Michael Sam, And The Black (And Gay) Politics Of Being “Twice As Good”
The analogy many gay rights activists and allies have made between their fight for equal rights and the Black American’s fight for civil rights is flawed, but I understand why it’s made. It’s a natural comparison, but it breaks down when considering that (most) Blacks can’t blend in. In America, Blackness is conspicuous, and this conspicuousness allows for the bias to be more pervasive and panoramic. Pointing this out doesn’t minimize the struggles and fight of the gay community. It just recognizes it’s two completely separate battles with some similarities.
One of these similarities is playing out in front of us with Michael Sam, who was recently cut by the St. Louis Rams, and has gone three days now without any NFL team picking him up, and apparently will not be asked to join the Rams practice squad.
To be fair, Sam may still get picked up by an NFL team. It might even happen before I finish writing this. In fact, the ESPN ticker tells me he’s being invited to Dallas to try out for the Cowboys. But it’s not official yet, and considering his talent and production level, his story reminds me of a story my dad shared with me a few times.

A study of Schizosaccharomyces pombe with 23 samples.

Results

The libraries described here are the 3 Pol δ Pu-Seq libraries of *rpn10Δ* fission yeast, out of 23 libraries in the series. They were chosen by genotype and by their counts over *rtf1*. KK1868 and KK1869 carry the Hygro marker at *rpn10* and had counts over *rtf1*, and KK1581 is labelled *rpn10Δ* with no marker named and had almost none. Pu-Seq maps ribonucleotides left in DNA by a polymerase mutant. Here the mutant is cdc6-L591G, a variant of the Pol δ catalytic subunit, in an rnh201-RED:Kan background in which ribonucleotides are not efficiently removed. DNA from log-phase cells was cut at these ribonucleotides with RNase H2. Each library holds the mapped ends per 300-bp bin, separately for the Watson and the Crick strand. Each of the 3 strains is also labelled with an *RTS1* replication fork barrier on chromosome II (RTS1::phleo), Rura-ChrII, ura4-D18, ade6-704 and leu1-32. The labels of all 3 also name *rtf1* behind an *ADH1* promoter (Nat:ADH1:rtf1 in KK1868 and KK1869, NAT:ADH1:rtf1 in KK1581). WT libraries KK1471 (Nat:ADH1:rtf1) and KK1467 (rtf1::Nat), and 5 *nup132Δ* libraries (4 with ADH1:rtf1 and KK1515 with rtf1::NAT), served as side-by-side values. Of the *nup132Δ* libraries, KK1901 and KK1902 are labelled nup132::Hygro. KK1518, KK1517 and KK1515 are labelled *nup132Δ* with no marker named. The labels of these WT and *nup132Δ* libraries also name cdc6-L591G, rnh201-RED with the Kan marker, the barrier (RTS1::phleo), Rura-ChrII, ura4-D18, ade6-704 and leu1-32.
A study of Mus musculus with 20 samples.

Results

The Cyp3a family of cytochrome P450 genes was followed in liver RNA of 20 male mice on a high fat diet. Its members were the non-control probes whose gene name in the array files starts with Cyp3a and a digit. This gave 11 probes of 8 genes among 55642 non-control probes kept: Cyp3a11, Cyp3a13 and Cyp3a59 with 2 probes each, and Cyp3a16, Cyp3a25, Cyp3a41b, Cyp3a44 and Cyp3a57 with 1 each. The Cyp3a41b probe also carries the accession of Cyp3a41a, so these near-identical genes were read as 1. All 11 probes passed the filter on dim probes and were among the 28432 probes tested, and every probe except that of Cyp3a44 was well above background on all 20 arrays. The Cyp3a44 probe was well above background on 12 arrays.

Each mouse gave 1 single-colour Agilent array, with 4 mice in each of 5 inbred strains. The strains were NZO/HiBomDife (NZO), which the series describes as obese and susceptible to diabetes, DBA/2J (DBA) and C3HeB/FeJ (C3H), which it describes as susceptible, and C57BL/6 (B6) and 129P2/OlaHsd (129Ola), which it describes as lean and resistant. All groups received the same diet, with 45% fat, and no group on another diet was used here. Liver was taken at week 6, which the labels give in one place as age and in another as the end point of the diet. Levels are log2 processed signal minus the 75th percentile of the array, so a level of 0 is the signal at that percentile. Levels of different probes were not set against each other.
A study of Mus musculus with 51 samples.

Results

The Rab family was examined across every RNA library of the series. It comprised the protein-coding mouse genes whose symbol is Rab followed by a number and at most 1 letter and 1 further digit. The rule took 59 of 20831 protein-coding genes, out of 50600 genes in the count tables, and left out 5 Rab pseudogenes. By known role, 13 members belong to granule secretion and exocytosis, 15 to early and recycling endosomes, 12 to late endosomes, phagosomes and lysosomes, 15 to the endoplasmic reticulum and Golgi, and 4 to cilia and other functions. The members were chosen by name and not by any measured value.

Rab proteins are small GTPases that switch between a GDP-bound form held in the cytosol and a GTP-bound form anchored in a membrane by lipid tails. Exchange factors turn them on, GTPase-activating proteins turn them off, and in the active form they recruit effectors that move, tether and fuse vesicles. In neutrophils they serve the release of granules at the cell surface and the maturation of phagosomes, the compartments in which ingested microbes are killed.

My dad grew up in New Castle, Pa, a small town roughly an hour north of Pittsburgh. He was a high school student in the early 60s, and he remembers an unwritten policy carried by the basketball team. Black players were allowed on the team. You could even be a star. But, you were not going to be Black and ride the bench. Basically, you couldn’t be Black and be average. If you were Black with starter or star talent, you made the team. If you were Black with bench warmer talent, you’d be better off trying out for the YMCA league.
This policy’s existence is no surprise to anyone who either grew up in that era or had/has parents and grandparents who did, and it’s an accurate synopsis of the politics of prejudice. True progress isn’t Jackie Robinson making the Brooklyn Dodgers. It’s the .220 Black hitter with the above average arm making the Dodgers. It’s not a superstar openly gay athlete making a roster. It’s a team deciding a below-average openly gay player is worth keeping, is worth the distraction his gayness provides.
Scandal‘s Rowan Pope, father of Olivia Pope, put it best:
“You have to be twice as good as them to get half of what they have”
Michael Sam, still unemployed NFL free agent, would probably agree.